She heard her name repeatedly in sermons each Sunday, and once she was old enough to read she found it written over and over in the Bible. Faith Harper has “lived her name,” using it as a directive to guide her in everything she does.
Born in Dayton, Ohio, her father was a retail salesman and her mother was a Deaconess and Social Worker for the Lutheran Church. They wanted to pass on the ideas that were cornerstone in their own lives: Faith, Hope, and Charity. These concepts have provided good grounding for the whole family during challenging times, and allowed Faith to use the many talents she possesses to assist others.
In third grade, her mother was the teacher in a country schoolhouse that included Faith along with her brother and sister. When her mother was studying Western Civilizations in college, it not only led to Faith’s appreciation for the chronicles of the past, but also influenced her decision to become a teacher herself.
She graduated from Wright State University with a degree in History and a minor in Latin. We are fortunate to have a true Latin Scholar and instructor right here in our midst in such a tiny Alpine County town.
Faith’s favorite Latin quote is "Ad Astra per Aspera,” translating as “To the stars through hard work/hardship”. She has emulated this: dedicating herself to her constituents in politics, her students as a teacher, her church as an active participant, and her family as a wife and mother. Faith originally chose to study Latin so she would have deeper understanding of archeology. It has also illuminated her comprehension of language, communication, and the lore of antiquity.
Faith discovered early on that, “History answers questions.” She is an intensely passionate woman. Both gracious and humble in her approach, she emanates a true sense of thankfulness as she uses her gifts to navigate a positive pathway in her journey through life.
In Ohio, she started her community involvement as President of the Parent Teacher Association, Brownie Troop Leader, and went on to organize a successful campaign to implement county-wide bus service. After being appointed to the Regional Transit Authority, she ran for Ohio State Assembly, winning the primary against two opponents. One of her fond memories from this period is when she had breakfast with President Ronald Reagan and his wife Nancy. Although Faith lost the November election, she got a job as Assistant to a County Commissioner. Eventually she ran for and was elected to the Huber Heights Charter Commission.
Looking at the sunsets in Ohio, she would always imagine mountains. She finally found these mountains when she followed her aunt to Lodi, California with her two children in 1980. Her daughter Lisa was thirteen and son Todd was seven. This demanding cross-country move solidified their closeness as a family.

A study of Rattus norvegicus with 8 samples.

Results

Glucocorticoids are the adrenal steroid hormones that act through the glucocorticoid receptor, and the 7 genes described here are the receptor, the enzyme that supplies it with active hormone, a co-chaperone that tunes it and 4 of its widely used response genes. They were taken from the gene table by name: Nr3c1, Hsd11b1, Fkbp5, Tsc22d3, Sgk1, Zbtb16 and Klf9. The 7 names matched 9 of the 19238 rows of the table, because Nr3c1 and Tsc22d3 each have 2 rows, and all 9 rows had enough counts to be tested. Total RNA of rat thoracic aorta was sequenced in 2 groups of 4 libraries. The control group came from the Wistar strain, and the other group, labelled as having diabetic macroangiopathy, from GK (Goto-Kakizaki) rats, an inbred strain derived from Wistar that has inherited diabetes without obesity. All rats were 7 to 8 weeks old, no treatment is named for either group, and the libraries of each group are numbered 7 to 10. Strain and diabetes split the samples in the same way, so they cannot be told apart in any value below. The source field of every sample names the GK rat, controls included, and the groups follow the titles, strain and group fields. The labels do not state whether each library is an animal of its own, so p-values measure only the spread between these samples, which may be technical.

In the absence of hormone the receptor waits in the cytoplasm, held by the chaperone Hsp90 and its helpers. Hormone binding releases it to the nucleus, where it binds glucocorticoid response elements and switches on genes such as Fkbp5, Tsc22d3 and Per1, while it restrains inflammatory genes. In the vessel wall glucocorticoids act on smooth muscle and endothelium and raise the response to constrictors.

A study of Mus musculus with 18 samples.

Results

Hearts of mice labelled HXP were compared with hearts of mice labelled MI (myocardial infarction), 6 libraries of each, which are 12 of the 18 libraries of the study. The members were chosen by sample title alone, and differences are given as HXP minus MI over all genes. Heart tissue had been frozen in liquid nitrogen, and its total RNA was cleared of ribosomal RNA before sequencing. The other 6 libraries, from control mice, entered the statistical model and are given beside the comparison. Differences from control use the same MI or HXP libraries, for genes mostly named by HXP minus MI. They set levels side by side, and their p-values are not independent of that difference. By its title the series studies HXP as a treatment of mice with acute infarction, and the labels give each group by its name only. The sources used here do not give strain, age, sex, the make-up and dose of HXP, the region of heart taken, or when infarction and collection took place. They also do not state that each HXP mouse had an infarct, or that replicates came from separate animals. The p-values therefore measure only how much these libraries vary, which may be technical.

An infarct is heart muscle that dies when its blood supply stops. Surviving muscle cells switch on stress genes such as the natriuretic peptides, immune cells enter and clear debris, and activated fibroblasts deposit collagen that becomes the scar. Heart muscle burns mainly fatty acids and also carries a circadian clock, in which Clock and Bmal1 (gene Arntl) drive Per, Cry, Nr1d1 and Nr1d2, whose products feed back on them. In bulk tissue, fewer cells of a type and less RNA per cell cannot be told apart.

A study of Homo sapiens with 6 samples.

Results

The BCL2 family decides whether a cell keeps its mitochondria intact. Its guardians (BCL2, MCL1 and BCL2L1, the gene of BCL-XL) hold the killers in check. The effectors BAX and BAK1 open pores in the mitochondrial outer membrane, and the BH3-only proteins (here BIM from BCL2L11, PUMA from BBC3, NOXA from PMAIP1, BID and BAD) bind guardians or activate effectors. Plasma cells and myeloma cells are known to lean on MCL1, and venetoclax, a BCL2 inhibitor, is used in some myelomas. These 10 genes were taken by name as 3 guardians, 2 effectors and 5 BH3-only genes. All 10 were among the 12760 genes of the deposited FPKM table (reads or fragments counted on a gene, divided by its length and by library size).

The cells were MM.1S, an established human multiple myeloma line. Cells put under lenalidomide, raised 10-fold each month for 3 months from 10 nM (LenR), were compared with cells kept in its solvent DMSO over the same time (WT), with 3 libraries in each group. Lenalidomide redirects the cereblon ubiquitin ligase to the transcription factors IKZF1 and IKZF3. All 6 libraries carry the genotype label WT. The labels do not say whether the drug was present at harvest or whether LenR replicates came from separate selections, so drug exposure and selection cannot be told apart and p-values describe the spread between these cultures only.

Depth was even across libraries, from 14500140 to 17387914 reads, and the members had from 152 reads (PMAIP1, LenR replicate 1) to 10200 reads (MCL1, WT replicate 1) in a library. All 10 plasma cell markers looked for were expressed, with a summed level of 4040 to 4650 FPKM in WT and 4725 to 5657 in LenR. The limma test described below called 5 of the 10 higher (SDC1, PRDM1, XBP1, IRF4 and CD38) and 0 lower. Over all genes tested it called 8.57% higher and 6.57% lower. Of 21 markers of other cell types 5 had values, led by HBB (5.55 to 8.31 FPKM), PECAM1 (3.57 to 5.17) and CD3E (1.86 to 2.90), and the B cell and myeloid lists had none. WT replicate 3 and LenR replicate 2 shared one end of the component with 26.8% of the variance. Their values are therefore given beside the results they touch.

Faith decided to leave politics behind. In Lodi, she first worked for the Boys and Girl’s Club, and then obtained a great teaching position. For the next twenty-five years, she devoted herself to uplifting and encouraging her mentees. Faith says, “Teachers have to be like actors. You use your “persona” to convince your pupils what you are saying is important.” Her high school and college involvement in drama and plays gave her the tools she needed.
She spent several years as Senior Class Advisor organizing the proms for over a thousand individuals, and fifteen as the Academic Decathlon Coach. In 2000 she was elected as President of the Lodi Education Association, having a pivotal role in securing raises for instructors and continued safe working conditions.
Faith met her husband Tom through a friend. He was a music instructor who joined the Lodi Police Force. It was a good match, since they both were so dedicated to public service. After seven years of dating they were married. “We just wanted to be sure,” reports Faith “We became really good friends first. Our blended family is a lot like the Brady Bunch. We all like each other.”
Tom and Faith had visited Markleeville before, and loved the architecture and sense of the Old West that the tiny town embodied. They bought the historic Thornburg family home and settled into retirement seven years ago. They adore their mountain retreat, spending half the year between Lodi and here. The skiing, hiking, and beauty of the wilderness energize them.
Finally fulfilling Faith’s dream of actually visiting the places she taught about, they have visited Greece, Italy, South Africa, Spain, and France, just to name a few. She continues to write political commentary on her blog, and poetry as she is impelled.
Faith says she was gratified when “the children of my students returned to me.” She lives a life of connectedness, taking elements of disparate knowledge and using her understanding of history to tie it all together.
She loves exploring why people made the choices they did. Asking questions like “Why are you here? Where did your people come from? What are the stories and forces that have affected your life today?” she displays a fierce intellectual intensity. For her, “The years have flowed like the River Jordan.”
Faith has inspired and motivated her students, friends, family, and even strangers as well.